Ponggawa; customary agreements and fishing traditions around Makassar

- The traditional systems in Indonesia have a tremendous amount of power and can be a effective means for implementing fishing management. However, there are those customs that have evolved to keep some fishing communities poor. Below is an example, of the customs that have developed over centuries that tend to keep some fishing communities poor.

Many of the fishermen are tied to local traditions that put ship and capital owners (commonly referred to as ponggawa) at an advantage. Under this tradition, fishermen must surrender 6 percent of their catch to ponggawa, even if they don’t catch much. Once they sell their catch they must return any borrowed capital to the ship owners.

The ship owners also have the right to more than half of the profits from the sale of the catch. The captain (papalele) also takes a quarter of the profits, while the remaining 25 percent is divided among the ship’s crew and the fishermen, who use it to support themselves and their families. On top of that, the owners also enjoy profits from the sale of fuel and ice that the fishermen are obliged to buy.

Under this system, the ponggawa are always at an advantage. During a recent visit to Paotere, one ponggawa, Haji M’ruf, proudly stated that he’d “never suffered a loss!” This came as no surprise, given that local traditions protect ponggawa by making fishermen bear any losses for them while getting a guaranteed cut of their catch. The fishermen’s debts are added to any capital they need for their next fishing expedition, and in some cases these debts are never repaid. The fishermen are made poor by a system that forces them to depend on the ponggawa.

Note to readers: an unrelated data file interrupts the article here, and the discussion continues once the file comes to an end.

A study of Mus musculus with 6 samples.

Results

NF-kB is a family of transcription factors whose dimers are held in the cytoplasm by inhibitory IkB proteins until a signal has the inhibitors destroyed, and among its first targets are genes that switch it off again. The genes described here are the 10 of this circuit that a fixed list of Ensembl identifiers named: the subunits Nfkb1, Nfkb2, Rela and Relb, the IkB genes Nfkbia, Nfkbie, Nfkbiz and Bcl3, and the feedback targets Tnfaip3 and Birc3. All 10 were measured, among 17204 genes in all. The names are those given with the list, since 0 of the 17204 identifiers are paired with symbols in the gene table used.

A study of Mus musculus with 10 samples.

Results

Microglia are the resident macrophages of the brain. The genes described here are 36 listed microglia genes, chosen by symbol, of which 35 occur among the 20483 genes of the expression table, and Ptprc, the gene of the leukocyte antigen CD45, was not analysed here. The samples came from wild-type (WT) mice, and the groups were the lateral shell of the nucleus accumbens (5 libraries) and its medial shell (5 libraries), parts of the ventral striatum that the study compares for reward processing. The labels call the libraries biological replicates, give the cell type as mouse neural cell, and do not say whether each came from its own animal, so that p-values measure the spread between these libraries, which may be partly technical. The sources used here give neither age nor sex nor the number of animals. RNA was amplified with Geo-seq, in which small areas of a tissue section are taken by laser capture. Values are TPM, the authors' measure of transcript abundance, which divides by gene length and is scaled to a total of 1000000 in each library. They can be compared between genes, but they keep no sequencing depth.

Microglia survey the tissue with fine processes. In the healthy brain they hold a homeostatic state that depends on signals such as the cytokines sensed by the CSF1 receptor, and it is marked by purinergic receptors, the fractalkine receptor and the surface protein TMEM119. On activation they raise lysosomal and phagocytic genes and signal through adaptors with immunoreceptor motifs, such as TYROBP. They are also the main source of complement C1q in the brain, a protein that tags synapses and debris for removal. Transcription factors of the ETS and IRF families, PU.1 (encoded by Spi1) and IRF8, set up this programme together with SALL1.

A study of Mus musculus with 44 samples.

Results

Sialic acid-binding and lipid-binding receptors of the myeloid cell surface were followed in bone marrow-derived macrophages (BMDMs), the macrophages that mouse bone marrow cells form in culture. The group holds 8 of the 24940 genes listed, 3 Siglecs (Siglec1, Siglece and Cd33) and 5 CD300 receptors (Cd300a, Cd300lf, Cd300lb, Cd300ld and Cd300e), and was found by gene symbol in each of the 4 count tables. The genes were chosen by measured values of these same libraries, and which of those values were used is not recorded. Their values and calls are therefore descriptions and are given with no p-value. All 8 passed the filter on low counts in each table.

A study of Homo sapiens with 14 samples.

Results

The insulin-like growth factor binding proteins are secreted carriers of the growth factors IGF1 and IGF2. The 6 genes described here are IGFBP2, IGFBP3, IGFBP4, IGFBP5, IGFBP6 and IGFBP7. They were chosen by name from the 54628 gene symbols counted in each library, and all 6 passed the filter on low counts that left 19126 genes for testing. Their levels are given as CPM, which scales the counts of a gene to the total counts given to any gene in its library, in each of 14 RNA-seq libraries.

The poverty many of these fishermen suffer has become a source of many social problems. The children of many of the fishermen are forced to quit school because of their family’s shortage of money. Financial problems and long periods apart cause tensions within the families. At the same time, many fishermen’s wives must scramble to meet their families’ financial needs.